Arthur H. Yancey, II, MD, MPH, associate professor of Emergency Medicine at Emory University School of Medicine and attending emergency physician at Grady Memorial Hospital, has received the Dr. Jeff Clawson Leadership Award for 2007. The award was presented to Dr. Yancey April 26.
In addition to his Emory post, Dr. Yancey is deputy director for EMS in the Fulton County Department of Health and Wellness, comprising duties as medical liaison to the County's Office of Emergency Preparedness, medical director of both the Fulton County Fire Department and emergency medical dispatch program at the 911 center. He is a member of the Georgia State EMS Medical Directors Advisory Council and District III EMS Advisory Council.
This award is given by the National Academies of Emergency Dispatch (NAED) to an individual who has made a significant contribution to the emergency dispatch profession; someone who exhibits courage and determination in the face of adversity; someone who represents the highest standards and pursuit of excellence in research, education, management or operations; and someone who by example has inspired others to become the best that they can be.
The Award is presented each year at the NAED's Navigator Conference. A nominating committee, representing members of the NAED staff and College of Fellows, presented candidates to the NAED Board of Trustees, which makes the final selection.
Since joining the Fulton County Department of Health and Wellness in May of 2006, Dr. Yancey's duties include EMS readiness for emerging infectious diseases, Medical Reserve Corp membership and organization, continuous quality improvement, and training for the Fulton County Fire Department, alternate resources for addressing the lowest medical-level 911 calls, teaching emergency medical dispatch to medical students, Fulton County Health Institute students, and Emory University Emergency Medicine residents.
His medical director position involves oversight of the emergency medical dispatch program at the County's 911 center, addressing protocol and surveillance issues. Dr. Yancey is a fellow of the National Academy of Emergency Dispatch and serves on its Council of Standards and readers group that evaluates critiques of NAED protocols from program centers world-wide, then recommends improvements for future versions of the program. He is a member of the Department of Homeland Security SAFECOM Public Safety Architectural Framework working group, and has been on the ITS (Intelligent Transportation Systems) America's Public Safety Advisory Group.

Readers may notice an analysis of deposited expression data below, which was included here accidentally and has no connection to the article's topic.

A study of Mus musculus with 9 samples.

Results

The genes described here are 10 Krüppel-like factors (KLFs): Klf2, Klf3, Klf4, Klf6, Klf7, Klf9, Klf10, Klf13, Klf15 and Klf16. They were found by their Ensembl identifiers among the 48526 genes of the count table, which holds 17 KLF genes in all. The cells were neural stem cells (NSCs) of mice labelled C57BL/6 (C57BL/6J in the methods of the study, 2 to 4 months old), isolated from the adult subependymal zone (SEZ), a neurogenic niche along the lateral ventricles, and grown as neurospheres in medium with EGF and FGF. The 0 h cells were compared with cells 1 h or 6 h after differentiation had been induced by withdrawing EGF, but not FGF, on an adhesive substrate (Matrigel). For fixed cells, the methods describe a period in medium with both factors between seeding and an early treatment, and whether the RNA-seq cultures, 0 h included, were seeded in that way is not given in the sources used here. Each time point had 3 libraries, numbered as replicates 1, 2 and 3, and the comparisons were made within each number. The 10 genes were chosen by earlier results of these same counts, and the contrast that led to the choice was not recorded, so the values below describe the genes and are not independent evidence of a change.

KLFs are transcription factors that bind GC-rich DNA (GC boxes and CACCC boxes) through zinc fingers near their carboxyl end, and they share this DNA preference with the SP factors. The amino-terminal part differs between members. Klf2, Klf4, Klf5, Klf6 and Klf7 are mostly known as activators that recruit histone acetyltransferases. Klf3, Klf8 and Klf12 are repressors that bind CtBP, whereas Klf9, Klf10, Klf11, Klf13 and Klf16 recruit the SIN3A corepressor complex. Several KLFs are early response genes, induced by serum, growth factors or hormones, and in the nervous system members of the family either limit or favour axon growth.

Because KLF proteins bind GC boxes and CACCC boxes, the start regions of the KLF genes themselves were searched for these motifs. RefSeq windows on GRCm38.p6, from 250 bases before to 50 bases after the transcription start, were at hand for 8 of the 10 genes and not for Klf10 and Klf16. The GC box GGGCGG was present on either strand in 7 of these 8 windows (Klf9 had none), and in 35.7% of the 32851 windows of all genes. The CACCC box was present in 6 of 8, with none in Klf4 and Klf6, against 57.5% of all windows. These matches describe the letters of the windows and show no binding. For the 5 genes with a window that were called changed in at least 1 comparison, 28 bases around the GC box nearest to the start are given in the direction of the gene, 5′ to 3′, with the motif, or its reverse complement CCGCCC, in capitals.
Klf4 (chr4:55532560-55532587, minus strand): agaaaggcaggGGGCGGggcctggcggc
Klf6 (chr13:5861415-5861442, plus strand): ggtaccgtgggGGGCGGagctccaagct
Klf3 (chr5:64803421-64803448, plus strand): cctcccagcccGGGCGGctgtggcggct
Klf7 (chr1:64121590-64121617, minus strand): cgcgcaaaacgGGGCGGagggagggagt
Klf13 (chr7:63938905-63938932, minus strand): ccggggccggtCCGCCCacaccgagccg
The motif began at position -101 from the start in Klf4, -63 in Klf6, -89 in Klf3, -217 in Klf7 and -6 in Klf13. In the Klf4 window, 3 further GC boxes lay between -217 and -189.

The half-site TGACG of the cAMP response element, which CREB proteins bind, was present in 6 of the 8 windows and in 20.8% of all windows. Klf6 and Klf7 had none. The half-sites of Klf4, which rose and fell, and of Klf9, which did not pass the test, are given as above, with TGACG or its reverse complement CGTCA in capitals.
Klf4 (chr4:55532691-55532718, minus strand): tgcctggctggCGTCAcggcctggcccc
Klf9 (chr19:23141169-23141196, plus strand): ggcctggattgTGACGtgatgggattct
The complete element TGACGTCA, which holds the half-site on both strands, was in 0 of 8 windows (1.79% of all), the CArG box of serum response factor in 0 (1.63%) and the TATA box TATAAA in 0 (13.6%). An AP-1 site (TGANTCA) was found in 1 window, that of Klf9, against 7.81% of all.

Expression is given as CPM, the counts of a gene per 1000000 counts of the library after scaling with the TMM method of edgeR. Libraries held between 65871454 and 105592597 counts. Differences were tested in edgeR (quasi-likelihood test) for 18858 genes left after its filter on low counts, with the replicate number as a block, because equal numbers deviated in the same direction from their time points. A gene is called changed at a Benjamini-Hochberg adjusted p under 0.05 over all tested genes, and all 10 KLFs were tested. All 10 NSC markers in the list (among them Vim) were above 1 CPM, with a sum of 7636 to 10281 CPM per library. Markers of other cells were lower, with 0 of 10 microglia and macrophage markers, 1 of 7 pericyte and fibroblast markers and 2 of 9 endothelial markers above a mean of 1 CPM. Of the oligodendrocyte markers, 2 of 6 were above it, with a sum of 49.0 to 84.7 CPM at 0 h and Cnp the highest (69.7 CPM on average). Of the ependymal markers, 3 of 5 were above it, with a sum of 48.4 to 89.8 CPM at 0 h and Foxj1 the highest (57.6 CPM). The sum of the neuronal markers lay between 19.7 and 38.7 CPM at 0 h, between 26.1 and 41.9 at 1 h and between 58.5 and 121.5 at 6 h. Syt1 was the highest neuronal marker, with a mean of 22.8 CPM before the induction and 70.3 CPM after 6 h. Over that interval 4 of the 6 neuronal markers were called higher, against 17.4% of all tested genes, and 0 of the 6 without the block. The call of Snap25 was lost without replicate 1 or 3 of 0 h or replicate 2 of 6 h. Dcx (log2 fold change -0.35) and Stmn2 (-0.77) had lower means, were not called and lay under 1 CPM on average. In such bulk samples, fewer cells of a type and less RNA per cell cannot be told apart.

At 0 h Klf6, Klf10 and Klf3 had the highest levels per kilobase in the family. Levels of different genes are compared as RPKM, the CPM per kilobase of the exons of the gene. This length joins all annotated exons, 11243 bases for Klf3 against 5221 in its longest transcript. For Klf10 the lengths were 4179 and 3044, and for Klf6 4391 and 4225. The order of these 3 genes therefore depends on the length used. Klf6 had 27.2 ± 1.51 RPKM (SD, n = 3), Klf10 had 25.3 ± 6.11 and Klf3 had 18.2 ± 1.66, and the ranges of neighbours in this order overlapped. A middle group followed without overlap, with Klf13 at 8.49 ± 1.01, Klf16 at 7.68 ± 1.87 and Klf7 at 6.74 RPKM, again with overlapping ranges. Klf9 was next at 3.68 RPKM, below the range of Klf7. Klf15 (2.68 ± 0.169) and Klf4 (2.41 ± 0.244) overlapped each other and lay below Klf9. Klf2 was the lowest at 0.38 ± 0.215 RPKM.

As a member of the National Association of Emergency Medical Services Physicians (NAEMSP), he participated in the EMS and Public Health Roundtable discussion series involving NAEMSP and APHA members, and sponsored by NHTSA and HRSA. He is a member of NAEMSP's Public Health Committee and is a member of the EMS Medical Director and Public Health Integration Task Force sponsored by the National Highway Traffic Safety Administration (NHTSA)in a cooperative agreement to NAEMSP and the National Association of City and County Health Officials (NACCHO). This project is developing guidance to promote closer coordination of local EMS medical directors and their counterpart, public health directors. On the State level, he has spearheaded efforts to ensure Fire First Response and EMS service notification by hospitals that discover contagious diseases in patients who were cared for and transported by the EMS system.
Dr. Yancey graduated from The University of Michigan Medical School, trained in General Surgery at Howard University, and Burn Surgery at The U.S. Army Institute of Surgical Research. He received the MPH degree from The Johns Hopkins School of Hygiene and Public Health.
He was the first Medical Education for South African Blacks (MESAB) Kovler Fellow to The Republic of South Africa in 1992. The Binational Commission Exchange Support Fund of USAID provided for his consultation to the Northern Cape Province of South Africa in 1999, to assist in the process of EMS provincialization. The Australian High Commission (AusAID), through the University of KwaZulu Natal, supported his consultation on a survey project, targeted at South African Provincial EMS directors, to investigate the protection of EMS caregivers from contagious diseases, including AIDS.
He served as co-chairman of the EMS and Transportation Subcommittee of The Atlanta Committee for The Olympic Games and has subsequently published educational material on organizing mass gathering medical care, and formulated proposed emergency medical care legislation for events within Fulton County. He has also published articles on injury prevention in the out-of-hospital environment.